The Art of Seduction
United States, written by Miss Rosen
“Do you want to see my sexy pictures?” Maripol asked Adèle Jancovici, handing her a card box, adding, “No one has seen them. Swear you won’t tell anyone about this.” But silence was not to be, and that which had been kept secret for decades was ready to surface as Maripol and Jancovici joined forces to create Maripola X, the first art edition from Le Livre Art Publishing, which Jancovici founded.
Launched at BookMarc, New York, on Friday, February 7, Maripola X is a collection of Polaroids from the artist’s private collection of work from her earliest days in New York through to the present day. Featuring photographs of Grace Jones, Naomi Campbell, Pat Cleveland, Steven Meisel, Vincent Gallo, Francesco Clemente, Klaus Nomi, and Joey Arias. Among many others before it, Maripola X is an exquisite guide to the art of seduction.
Many of the photographs are exquisitely risqué, giving us a guided tour into the sexual exploration of a woman deeply comfortable with herself. “I don’t have any shame. I don’t have anything to hide,” Maripol notes. “These pictures are so personal. I might have been angry when I was making them, and put drops of blood on one, or carved the pussy from another. There is a sense of self indulgence that makes this my personal work.”
As Maripol recalls in the book’s introduction, “I got my SX-70 from Edo [Bertoglio] and we both used it. And leather-clad, my Polaroid camera became my girlfriend, my confidant, my spy, my tool, and my secret companion. Nothing was calculated; it as all about the instant. At the same time, I poured my soul on paper. I secretly wrote for years my most intimate thoughts, my joy and sorrows—my poems at the tip of my pen, my life with a pen.”
Maripola X features 69 poems in French and English by the artist; we are allowed to enjoy the words in their native tongue, providing us with insight into the mind and heart of this exquisite soul. “The consecration of an artist is to be published. This is also true for a writer,” Maripol observes, noting that the publication of her poetry is the cherry on top of a career in fashion, jewelry, filmmaking, photography, and books that has spanned four decades.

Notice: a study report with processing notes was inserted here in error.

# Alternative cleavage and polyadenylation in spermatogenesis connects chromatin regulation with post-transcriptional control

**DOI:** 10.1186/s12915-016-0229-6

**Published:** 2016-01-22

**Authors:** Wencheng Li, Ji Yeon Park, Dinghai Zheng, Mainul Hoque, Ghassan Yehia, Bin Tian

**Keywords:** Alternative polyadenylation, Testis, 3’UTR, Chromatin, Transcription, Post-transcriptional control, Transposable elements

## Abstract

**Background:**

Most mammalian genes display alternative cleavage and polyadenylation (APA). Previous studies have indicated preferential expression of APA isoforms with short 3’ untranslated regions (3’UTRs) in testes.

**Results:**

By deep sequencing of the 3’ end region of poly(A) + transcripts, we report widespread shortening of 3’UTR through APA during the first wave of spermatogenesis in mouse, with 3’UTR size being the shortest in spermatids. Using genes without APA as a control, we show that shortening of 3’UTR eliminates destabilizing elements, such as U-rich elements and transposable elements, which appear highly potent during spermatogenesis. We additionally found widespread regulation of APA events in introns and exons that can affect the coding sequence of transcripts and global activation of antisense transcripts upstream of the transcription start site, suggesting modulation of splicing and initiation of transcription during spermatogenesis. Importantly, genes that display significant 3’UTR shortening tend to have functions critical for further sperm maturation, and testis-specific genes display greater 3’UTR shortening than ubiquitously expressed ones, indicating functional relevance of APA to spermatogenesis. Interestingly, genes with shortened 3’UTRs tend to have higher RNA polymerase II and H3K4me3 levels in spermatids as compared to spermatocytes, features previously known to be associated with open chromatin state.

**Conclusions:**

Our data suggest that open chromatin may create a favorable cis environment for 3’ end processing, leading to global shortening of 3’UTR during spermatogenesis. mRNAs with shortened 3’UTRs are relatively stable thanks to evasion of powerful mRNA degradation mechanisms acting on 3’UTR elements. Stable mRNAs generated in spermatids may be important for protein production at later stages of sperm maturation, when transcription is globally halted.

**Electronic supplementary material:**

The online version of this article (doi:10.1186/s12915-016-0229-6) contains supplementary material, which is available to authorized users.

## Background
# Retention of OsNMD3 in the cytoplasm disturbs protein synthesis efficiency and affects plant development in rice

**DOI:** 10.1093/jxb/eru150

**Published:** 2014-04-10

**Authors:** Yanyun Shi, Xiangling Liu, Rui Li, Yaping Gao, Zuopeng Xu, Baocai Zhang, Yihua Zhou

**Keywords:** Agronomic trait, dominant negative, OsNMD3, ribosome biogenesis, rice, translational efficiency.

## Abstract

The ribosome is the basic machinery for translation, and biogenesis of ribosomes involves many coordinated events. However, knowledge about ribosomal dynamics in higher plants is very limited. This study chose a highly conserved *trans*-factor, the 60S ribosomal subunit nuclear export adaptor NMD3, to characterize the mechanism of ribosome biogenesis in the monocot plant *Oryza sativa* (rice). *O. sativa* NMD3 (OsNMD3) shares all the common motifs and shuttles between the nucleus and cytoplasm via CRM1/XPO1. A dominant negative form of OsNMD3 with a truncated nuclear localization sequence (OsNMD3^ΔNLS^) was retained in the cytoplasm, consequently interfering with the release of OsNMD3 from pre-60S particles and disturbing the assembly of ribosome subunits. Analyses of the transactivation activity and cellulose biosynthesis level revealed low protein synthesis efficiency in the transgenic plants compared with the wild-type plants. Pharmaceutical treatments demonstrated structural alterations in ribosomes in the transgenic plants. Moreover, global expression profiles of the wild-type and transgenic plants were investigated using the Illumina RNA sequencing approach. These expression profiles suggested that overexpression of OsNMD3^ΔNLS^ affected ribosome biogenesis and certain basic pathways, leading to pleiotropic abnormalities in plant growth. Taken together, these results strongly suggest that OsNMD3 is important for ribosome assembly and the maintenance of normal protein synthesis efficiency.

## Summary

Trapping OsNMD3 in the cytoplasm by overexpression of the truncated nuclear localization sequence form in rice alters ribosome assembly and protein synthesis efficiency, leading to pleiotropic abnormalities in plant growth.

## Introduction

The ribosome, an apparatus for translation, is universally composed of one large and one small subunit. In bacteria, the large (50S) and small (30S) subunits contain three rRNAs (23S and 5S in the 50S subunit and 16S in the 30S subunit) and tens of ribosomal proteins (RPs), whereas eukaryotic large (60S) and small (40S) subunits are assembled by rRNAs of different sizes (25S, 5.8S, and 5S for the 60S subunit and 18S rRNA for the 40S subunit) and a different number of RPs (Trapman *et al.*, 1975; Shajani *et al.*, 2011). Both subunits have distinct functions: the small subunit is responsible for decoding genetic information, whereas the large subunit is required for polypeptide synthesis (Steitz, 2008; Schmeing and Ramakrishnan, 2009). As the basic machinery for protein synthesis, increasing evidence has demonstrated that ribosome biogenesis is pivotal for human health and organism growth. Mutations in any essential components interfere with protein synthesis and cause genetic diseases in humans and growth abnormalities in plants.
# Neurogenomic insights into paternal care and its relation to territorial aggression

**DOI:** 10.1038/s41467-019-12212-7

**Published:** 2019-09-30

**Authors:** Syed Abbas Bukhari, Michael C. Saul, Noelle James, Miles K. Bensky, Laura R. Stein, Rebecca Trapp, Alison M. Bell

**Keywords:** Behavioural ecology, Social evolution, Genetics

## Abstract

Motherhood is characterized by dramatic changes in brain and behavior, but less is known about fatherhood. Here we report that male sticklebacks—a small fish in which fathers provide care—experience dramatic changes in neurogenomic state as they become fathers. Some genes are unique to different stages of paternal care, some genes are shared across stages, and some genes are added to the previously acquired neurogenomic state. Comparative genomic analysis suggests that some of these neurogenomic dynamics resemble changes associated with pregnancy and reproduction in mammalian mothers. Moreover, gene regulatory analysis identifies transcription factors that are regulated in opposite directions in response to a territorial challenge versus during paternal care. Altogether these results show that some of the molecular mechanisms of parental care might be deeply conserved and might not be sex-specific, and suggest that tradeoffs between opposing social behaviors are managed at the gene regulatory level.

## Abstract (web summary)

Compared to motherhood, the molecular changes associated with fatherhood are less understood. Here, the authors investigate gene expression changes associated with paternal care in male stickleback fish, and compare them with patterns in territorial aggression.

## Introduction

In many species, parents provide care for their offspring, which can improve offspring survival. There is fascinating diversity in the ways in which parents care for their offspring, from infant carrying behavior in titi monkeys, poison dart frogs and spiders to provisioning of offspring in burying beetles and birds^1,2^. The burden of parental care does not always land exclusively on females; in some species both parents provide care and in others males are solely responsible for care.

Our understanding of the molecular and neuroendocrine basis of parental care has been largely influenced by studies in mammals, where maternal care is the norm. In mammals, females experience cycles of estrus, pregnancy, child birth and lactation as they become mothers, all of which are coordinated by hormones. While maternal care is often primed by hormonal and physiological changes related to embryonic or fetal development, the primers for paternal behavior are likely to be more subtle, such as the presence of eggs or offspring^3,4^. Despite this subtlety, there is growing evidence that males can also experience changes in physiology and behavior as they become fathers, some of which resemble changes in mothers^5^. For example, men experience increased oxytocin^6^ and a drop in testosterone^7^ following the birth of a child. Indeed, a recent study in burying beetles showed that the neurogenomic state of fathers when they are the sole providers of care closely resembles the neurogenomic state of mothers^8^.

As Max Blagg writes in the book’s foreword, “These Polaroids are proof of life, proof of ravenous times in which most of them were taken. Still from a film whose subtitles are the urgent, erotic, melodic poems inserted into the heart of this mélange; Maripol’s mix of broken English and Parisian argot à go-go embellishes these images of desire, love, and above all, sex; it’s hasty connections, its urgent requirements, its sticky aftermath. She freezes beauty in mid-step, revealing the eternal in the ephemeral, nothing more instant and ephemeral than a Polaroid, back in those sexed-up decades, when sex meant fucking, not sexting a voracious epoch, powered by all manner of fetid powders and dark chemical concoctions. No one knew how to say no, no one wanted to say no.”
In the words of e.e. cummings, “I believe yes is the only living thing.” We are witness to the power of “Yes” in every whisper, in every scream, in every photograph and every poem of Maripola X, reminding us how beautiful life can be.